China has filed a World Trade Organization complaint challenging US President Donald Trump’s tariff hike on imported steel and aluminum, the trade body said Tuesday.
The tariff spat is one element of a wide-ranging trade dispute between Trump and Chinese President Xi Jinping’s government. Trump also has threatened to increase duties on $50 billion of Chinese goods in a separate conflict over technology policy.
China has requested 60 days of consultations with the United States on the steel and aluminum dispute, according to the WTO. If that fails, the next step could be for Beijing to request a ruling from a panel of trade experts.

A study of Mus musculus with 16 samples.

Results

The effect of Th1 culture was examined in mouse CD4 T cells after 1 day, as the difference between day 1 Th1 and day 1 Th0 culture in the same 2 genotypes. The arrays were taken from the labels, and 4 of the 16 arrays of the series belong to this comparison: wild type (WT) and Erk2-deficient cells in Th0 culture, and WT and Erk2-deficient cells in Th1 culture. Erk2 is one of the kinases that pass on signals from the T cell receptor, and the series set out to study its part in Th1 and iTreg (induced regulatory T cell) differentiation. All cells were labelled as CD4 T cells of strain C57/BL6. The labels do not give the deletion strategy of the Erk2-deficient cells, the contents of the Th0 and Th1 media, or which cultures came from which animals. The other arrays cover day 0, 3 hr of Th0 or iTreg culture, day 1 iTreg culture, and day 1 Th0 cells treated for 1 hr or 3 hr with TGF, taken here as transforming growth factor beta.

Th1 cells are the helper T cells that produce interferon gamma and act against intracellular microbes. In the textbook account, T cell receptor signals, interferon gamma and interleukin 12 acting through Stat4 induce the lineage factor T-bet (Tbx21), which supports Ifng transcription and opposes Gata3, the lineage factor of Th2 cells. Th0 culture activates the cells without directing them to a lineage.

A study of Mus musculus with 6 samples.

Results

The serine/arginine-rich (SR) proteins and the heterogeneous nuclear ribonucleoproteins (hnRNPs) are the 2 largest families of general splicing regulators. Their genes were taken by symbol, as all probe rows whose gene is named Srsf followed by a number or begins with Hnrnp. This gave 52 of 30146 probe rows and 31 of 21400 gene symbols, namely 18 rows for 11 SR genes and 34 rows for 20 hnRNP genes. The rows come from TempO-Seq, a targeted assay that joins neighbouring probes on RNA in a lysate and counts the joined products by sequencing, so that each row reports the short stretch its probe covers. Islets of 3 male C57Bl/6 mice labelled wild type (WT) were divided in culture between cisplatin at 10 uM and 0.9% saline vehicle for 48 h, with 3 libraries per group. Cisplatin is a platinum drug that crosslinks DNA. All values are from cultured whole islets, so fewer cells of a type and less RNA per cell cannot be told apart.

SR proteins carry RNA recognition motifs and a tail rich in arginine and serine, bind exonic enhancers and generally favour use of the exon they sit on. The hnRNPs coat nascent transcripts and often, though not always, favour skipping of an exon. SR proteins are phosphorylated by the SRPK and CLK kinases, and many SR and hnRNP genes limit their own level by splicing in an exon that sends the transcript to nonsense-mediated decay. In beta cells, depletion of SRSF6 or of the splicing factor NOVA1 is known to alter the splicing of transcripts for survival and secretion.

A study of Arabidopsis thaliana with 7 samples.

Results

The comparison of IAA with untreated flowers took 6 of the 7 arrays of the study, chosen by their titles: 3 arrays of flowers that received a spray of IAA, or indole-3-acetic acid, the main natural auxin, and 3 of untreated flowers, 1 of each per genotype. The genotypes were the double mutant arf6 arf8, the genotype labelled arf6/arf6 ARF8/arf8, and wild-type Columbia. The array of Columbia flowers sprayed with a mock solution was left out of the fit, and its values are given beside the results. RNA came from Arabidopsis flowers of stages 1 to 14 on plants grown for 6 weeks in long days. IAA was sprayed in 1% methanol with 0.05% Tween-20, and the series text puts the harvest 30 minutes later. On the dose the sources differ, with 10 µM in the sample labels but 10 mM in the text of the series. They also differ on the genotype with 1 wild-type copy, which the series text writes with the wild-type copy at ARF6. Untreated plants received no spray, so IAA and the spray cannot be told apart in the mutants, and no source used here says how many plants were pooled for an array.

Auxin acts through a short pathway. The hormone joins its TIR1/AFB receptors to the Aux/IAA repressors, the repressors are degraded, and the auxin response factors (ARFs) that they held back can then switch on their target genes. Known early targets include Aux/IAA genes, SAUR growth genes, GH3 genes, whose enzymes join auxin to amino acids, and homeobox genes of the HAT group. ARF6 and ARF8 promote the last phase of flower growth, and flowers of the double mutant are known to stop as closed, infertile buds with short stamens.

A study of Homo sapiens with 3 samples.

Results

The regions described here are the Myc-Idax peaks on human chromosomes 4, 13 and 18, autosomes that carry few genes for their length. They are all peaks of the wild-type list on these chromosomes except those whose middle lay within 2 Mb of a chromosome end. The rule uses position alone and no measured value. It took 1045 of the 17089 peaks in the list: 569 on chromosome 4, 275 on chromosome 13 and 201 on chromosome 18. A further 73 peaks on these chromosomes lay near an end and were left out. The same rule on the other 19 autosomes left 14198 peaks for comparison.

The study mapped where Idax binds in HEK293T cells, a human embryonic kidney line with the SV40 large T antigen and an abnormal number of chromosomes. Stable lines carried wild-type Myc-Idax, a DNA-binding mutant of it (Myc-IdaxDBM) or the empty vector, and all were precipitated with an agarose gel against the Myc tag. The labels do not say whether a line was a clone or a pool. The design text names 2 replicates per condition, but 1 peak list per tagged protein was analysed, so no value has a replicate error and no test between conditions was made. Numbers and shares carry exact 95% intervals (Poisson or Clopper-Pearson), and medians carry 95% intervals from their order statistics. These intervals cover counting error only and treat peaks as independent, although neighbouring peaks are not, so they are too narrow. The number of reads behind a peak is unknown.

Beijing says Trump’s decision to impose additional duties of 25% on steel and 10% aluminium violate international trade rules laid down in the WTO’s General Agreement on Tariffs and Trade (GATT) 1994 and of the Agreement on Safeguards.
Steel and aluminum are among Chinese industries in which supply exceeds demand. China’s trading partners complain its mills are exporting their surplus at improperly low prices, threatening jobs in the United States and Europe.
The United States buys little Chinese steel and aluminum following earlier tariff hikes meant to offset what Washington says are improper subsidies to producers. But economists said Beijing responded in order to show it would defend itself.
China’s government issued a $3 billion list of US goods including pork, apples and steel pipes on March 23 that it said might be targeted for retaliation if Trump fails to negotiate a settlement to the dispute over steel and aluminum charges.